Recently, the first lady and I convened a group of state officials, judges, prosecutors, victim advocates and other stakeholders to discuss Connecticut’s progress toward improving the state’s criminal justice system. Sounds like a run-of-the-mill convening of policymakers and practitioners until you consider the venue: one of our state’s maximum-security prisons, the Cheshire Correctional Institution.
Reentry Media Clips
“If a person commits a crime, and they pay their debt to society, when does that debt end?” asked Jeff Robinson, director of the Trone Center for Justice and Equality, of the American Civil Liberties Union. “Does it end when you come out of prison? Because apparently it’s just beginning when you come out of prison. And that makes no sense.”
Researchers at Northwestern University’s Pritzker School of Law studied data on approximately 250,000 applicants for sales and customer service jobs in the U.S. and found that ex-offenders who secured jobs were no more likely to be fired than non-offenders in the same positions. We’re also less likely to quit, making turnover amongst people with criminal records lower than typical employees.
Last September, Rob and Diane Perez opened DV8 Kitchen, a restaurant that not only hires people in treatment for addiction to opioids or other substances, but also focuses its entire business model on recovery, using the restaurant setting as a tool for rehabilitation.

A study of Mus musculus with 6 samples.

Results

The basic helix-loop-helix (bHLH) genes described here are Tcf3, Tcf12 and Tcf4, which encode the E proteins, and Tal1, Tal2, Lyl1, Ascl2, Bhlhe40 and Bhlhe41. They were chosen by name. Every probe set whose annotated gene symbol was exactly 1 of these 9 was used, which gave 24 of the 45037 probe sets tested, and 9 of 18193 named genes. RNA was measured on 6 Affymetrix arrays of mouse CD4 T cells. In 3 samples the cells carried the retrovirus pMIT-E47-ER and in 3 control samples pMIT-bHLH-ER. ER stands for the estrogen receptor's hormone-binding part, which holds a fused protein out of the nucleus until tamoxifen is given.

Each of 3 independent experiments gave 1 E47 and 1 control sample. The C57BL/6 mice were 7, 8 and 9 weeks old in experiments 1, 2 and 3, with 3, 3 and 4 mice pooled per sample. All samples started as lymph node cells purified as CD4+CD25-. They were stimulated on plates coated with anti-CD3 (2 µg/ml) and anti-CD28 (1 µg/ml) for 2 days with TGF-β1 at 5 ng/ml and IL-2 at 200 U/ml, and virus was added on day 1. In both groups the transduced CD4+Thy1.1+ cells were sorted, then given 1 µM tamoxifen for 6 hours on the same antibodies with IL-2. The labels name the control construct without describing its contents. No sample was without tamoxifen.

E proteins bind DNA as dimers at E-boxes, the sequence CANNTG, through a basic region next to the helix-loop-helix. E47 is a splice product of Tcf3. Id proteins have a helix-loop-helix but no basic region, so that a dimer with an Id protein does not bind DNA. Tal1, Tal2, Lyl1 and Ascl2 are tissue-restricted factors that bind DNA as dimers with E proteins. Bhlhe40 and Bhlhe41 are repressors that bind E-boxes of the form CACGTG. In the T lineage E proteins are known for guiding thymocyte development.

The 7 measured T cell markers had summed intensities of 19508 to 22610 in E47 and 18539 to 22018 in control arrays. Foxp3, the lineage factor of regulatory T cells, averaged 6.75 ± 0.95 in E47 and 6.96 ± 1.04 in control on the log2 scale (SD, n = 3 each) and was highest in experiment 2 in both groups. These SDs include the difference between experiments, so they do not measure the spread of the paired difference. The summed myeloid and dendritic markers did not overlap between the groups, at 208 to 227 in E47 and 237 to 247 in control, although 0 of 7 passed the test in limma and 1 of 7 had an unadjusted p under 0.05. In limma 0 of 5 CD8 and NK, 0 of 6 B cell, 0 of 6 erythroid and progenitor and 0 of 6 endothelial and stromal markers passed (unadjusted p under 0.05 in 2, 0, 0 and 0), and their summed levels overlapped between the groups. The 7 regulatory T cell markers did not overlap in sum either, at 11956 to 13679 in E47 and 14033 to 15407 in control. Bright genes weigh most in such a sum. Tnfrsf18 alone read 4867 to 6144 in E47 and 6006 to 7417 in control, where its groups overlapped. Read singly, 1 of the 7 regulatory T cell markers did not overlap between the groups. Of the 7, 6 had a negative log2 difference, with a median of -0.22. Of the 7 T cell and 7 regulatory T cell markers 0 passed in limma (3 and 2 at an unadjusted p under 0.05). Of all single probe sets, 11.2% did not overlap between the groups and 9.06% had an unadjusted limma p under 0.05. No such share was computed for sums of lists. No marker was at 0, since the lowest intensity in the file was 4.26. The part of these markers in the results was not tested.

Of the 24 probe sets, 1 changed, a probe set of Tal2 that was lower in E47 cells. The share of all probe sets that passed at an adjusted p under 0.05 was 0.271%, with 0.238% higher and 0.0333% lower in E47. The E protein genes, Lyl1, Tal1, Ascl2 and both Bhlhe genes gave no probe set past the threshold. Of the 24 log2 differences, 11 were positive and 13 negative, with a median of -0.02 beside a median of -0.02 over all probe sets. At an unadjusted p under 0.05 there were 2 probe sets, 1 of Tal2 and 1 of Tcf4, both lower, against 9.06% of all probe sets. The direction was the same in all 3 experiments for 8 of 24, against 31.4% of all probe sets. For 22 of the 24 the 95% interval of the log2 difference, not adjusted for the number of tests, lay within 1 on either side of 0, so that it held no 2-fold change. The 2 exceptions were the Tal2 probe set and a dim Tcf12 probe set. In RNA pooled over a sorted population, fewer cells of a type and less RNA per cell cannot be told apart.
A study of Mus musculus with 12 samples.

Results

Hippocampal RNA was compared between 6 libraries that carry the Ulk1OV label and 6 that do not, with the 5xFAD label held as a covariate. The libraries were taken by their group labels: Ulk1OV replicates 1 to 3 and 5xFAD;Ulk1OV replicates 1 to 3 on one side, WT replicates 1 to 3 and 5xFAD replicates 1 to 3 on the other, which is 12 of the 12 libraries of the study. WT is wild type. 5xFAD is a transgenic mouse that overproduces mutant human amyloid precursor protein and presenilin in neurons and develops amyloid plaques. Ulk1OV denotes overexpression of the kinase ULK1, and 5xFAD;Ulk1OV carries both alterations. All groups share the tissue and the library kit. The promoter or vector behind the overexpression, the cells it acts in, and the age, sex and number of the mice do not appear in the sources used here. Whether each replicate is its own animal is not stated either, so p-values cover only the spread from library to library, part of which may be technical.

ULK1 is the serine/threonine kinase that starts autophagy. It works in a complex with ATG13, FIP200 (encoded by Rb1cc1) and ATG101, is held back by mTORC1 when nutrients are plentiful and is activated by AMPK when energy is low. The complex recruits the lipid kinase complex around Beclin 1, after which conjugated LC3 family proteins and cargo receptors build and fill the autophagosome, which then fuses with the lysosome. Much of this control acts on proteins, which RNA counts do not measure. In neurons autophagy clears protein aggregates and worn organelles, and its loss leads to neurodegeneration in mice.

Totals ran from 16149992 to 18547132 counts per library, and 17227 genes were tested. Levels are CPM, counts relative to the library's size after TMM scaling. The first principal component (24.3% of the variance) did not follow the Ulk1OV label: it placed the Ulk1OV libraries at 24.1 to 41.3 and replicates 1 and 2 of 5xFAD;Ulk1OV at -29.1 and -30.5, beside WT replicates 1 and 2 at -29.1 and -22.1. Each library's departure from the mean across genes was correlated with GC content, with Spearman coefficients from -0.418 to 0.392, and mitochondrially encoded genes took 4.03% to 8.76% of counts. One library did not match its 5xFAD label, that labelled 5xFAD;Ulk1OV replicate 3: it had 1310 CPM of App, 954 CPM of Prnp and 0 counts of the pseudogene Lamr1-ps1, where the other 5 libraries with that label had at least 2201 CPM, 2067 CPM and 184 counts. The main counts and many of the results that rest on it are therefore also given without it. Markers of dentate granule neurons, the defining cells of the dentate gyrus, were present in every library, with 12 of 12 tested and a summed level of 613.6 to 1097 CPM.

“Employers can provide a real second chance to those who’ve paid their debt to society,” said Tim Roemer, Deputy Director of the Arizona Department of Homeland Security and Public Safety Advisor to the governor. “It makes our communities safer, it’s a better deal for our taxpayers and it is the right thing to do.”
At the prison there was a program called Musicambia that brings teachers in every week for music theory and performance classes. I went to one of their concerts, and was struck dumb. I saw guys I knew talking and living it up.
Vermont recently became the first state in the 119-year history of America’s youth court to allow 18- and 19-year-olds to be treated in the juvenile justice system. The goal is to increase public safety and the evidence from research indicates that this approach has the potential to be a game-changer in a field in desperate need of innovation.
Carlos, with help from the Legal Aid Society’s Conviction Sealing Project, has filed an application in State Supreme Court in Brooklyn to have his conviction sealed under a new state law. He said he hopes the court will grant him the second chance he has dreamed of: “I want to do better for my children and myself.”
The Charleston Police Department will team up with the Kanawha Institute for Social Research and Action (KISRA) on a program aimed at helping people re-enter society after incarceration. Charleston City Council on Monday approved a memorandum of agreement between the police department and KISRA for the Second Chance Community Reentry Program.
“Our own research found that people who get jobs are less likely to return to prison,” says Nancy La Vigne, director of the Justice Policy Center at the Urban Institute. “It’s not just getting a job, but retaining that job over time”—particularly one that pays a living wage.